The U Nonimmigrant status, also known as U visa, is designed to encourage immigrant community members to report crimes to law enforcement. The U visa allows qualifying applicants and, in some cases, some of their family members, to gain protection from deportation for a period of four years and eventually apply for a green card.
Most U visa applicants were personally harmed as a result of the crime and apply as “direct” victims. However, the law does recognize that this does not have to be the case. For instance, when the direct victim is a minor or incapacitated at the time of the crime, the law allows for the victim’s parents to apply as indirect victims. Another example of an indirect victim is a spouse of a murder victim, where the surviving spouse may be able to pursue the immigration benefit. Here are a few specific examples:
Minor direct victim: Mary is 12 years old and a U.S. citizen and her parents and 4-year-old brother are undocumented. She was the victim of sexual assault. She told her mother about the incident and she promptly contacted the police. Mary was so traumatized that she refused to talk to the police, but the information provided by her mother allowed the police to investigate the crime. Since applicants can include certain family members as part of their case, Mary’s parents can apply as indirect victims and include their son as a derivative. Either parent could apply as the principal applicant, or both parents can apply with independent cases. Her brother may also apply as an indirect victim.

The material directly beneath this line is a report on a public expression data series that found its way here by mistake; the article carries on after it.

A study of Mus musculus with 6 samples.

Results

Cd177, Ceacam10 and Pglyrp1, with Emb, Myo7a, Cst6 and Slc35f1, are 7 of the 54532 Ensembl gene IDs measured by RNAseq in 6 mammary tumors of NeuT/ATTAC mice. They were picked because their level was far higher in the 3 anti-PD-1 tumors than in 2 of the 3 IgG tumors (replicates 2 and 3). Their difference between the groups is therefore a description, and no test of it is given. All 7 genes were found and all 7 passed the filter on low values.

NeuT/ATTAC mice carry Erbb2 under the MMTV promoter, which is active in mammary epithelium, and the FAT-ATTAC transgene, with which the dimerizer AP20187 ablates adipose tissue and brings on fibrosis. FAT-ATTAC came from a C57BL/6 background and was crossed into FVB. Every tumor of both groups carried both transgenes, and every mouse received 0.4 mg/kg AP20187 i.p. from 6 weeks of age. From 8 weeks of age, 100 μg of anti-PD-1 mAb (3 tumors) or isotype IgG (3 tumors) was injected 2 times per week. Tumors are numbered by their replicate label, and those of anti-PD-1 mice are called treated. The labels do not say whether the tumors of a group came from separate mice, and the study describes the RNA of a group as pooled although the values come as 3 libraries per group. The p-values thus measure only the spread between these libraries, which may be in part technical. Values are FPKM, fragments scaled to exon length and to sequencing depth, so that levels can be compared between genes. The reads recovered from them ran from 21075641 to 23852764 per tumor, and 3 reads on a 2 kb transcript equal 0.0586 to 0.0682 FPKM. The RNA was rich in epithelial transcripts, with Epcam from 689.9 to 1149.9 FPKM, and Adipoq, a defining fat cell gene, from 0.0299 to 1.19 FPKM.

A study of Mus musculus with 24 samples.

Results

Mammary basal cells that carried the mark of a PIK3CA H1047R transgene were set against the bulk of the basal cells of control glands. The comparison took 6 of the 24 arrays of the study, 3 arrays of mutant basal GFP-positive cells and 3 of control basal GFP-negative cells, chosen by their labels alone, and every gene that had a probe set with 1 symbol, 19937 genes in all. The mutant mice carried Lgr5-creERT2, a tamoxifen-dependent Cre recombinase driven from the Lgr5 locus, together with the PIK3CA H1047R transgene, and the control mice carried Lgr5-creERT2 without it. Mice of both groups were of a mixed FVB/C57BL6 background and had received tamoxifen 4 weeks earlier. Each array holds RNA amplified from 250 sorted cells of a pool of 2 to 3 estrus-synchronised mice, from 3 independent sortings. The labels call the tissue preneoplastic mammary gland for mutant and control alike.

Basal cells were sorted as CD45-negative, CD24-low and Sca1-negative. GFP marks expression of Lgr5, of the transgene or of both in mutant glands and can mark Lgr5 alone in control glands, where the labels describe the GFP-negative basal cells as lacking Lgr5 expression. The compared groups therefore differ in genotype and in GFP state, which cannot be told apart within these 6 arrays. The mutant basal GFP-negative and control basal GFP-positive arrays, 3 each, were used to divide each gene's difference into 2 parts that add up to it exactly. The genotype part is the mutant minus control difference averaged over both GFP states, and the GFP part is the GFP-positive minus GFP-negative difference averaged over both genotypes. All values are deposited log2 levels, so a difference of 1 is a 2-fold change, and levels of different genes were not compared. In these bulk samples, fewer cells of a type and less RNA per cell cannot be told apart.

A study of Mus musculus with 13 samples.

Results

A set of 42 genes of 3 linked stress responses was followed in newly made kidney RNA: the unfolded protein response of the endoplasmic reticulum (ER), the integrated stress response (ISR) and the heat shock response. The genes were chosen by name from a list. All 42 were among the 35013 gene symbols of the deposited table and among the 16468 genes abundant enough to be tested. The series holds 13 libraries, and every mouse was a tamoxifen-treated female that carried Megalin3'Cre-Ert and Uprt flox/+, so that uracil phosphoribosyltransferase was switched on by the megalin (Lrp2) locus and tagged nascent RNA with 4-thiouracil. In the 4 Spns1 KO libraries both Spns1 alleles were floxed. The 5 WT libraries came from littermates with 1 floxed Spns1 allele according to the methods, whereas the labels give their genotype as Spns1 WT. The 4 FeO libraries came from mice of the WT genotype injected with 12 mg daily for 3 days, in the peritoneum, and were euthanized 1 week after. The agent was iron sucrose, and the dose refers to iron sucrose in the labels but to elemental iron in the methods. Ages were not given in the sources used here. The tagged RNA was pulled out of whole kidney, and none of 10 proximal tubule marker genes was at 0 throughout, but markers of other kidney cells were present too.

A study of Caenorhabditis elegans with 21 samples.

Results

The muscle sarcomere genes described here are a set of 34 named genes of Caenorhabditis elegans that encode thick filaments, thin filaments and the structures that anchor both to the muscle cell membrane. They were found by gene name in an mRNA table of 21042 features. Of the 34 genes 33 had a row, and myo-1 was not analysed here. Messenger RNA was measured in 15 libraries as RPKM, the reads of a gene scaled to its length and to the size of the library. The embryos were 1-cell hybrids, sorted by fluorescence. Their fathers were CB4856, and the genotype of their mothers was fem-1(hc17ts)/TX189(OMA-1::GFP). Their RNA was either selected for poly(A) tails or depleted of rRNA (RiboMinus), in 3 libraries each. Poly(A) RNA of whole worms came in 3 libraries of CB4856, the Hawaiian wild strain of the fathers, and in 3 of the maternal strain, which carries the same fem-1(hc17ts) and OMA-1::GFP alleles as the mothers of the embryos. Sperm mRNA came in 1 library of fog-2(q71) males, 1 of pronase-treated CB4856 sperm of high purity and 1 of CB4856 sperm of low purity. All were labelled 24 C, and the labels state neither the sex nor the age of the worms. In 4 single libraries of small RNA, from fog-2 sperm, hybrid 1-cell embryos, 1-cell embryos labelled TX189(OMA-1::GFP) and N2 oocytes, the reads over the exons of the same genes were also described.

Now, let’s change Mary’s age. Let’s say we have the same situation as above where Mary and her mother reported the crime when she was 21, but Mary is now 22 years old and her parents have not applied for a U visa. Can her parents still qualify even if she is over 21? They can, because Mary’s age became “frozen” at the time of her victimization, so her parents and brother can still pursue the benefit.
Deceased direct victim: Joe was 25 years old and mugged and killed outside of his apartment. His surviving spouse can apply as an “indirect victim” and also include any minor children as part of the case.
What if Joe was 18 years old? Since he was under 21 years of age at the time of the crime, then his parents and siblings under 18 years of age may benefit and qualify for the U visa.
Bystander victim: Anna was present when her neighbor was brutally assaulted. She happened to be pregnant, but miscarried due to the shock of the incident. She was not physically harmed nor related to her neighbor, but she may apply for a U visa as she was a bystander and suffered unusually severe harm as a result of witnessing the crime.